Katy ISD School Board of Trustees unanimously voted last month to place a $750 million bond referendum on the November ballot, despite community requests to bifurcate the package giving voters more freedom over the fiscal decisions of their school district.
The calls to split the bond package stem from the inclusion of a widely unpopular football stadium with more essential needs . The proposed stadium, designed by the notorious PBK Engineering, after modest downsizing, has returned to the ballot after being handily shot down by voters in 2013.
Allowing voters to separately approve individual components of a proposed debt increase would inherently improve the responsiveness of entities with bonding authority to their voters. Along with other accountability and transparency-minded reforms to the bonding process, requiring separate propositions for large-scale projects (like what Katy ISD voters have asked for) is featured in the platform of the Center for Local Governance Coalition, a cooperative effort of grassroots groups who seek stewardship and transparency in local government. (Click here to read more about the Coalition’s suggested reforms and local debt in Texas.)
However, despite community support for splitting the massive bond package, the Katy ISD school board voted unanimously to keep the bond as one. Why? This way, they can hold the legitimate needs of the district hostage to the Board’s wants, using racially charged rhetoric in the process. In a thirty minute diatribe, Superintendent Alton Frailey railed against the idea of splitting the package, urging the board not to “segregate” students unfairly.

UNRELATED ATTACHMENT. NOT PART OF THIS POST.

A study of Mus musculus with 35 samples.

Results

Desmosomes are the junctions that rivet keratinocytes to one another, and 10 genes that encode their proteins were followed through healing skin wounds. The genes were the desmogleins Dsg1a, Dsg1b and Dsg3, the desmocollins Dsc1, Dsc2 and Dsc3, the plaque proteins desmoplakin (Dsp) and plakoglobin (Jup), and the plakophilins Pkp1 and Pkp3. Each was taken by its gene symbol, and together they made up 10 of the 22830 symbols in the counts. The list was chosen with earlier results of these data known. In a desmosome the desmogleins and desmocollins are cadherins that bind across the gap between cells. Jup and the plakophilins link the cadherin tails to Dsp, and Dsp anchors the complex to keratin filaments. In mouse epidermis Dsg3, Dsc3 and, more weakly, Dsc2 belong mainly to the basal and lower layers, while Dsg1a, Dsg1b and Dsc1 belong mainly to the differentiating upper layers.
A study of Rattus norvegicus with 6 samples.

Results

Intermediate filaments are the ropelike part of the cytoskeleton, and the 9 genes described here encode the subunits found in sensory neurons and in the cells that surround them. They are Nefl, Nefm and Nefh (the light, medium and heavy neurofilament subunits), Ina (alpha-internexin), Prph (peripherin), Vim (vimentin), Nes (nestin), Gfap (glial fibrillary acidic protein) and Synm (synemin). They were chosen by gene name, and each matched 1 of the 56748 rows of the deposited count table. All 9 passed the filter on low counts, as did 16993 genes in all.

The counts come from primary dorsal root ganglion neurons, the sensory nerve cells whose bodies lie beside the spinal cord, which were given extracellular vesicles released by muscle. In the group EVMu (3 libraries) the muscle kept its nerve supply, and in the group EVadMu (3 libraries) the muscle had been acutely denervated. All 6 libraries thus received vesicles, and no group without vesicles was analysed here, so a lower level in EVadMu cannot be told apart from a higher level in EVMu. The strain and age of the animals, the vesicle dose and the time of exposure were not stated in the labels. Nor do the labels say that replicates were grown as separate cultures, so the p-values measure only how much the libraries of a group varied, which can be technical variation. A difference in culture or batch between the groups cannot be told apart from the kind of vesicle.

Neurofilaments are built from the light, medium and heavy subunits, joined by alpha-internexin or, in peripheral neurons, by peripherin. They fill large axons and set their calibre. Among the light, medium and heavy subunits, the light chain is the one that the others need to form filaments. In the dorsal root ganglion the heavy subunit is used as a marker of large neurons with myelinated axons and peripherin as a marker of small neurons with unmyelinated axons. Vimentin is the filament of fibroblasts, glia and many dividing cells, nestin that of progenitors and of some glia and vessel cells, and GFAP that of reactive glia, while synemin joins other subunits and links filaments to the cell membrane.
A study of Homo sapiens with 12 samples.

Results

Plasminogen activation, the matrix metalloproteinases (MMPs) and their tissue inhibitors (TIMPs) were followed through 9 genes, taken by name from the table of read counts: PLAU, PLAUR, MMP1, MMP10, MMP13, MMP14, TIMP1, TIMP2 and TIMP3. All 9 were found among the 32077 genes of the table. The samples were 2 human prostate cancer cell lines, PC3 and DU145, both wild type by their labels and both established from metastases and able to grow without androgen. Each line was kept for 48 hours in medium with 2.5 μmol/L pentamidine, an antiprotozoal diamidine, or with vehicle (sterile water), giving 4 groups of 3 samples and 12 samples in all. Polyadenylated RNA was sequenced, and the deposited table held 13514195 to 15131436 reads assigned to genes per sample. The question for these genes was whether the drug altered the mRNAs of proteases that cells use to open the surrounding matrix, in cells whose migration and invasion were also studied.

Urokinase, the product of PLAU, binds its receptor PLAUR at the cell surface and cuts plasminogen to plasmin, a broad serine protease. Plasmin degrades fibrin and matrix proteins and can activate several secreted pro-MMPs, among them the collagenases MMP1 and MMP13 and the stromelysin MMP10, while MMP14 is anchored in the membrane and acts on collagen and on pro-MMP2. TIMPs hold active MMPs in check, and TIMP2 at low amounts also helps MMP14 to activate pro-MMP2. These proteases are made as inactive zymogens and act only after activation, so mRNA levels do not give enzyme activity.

A rapidly growing region in the state, little argument can be made that Katy ISD is not in need of some updates to its current infrastructure. However, it seems as though officials saw an opportunity to get what they’ve wanted for some time now. By tying what they knew was an unpopular measure to community needs, they have assembled an all-or-nothing, do-or-die bond package for their voters. One could scarcely call that much of an option.
In our form of government, citizens are meant to hold the power. In light of practices such as “rolling polling” and stacked bond committees, it comes as little surprise that local officials would oppose relinquishing decision-making authority over to the people. With local debt per-capita in Texas ranking second in the nation, the necessity of local bonding reform in order to safeguard Texans’ financial future is all the more apparent.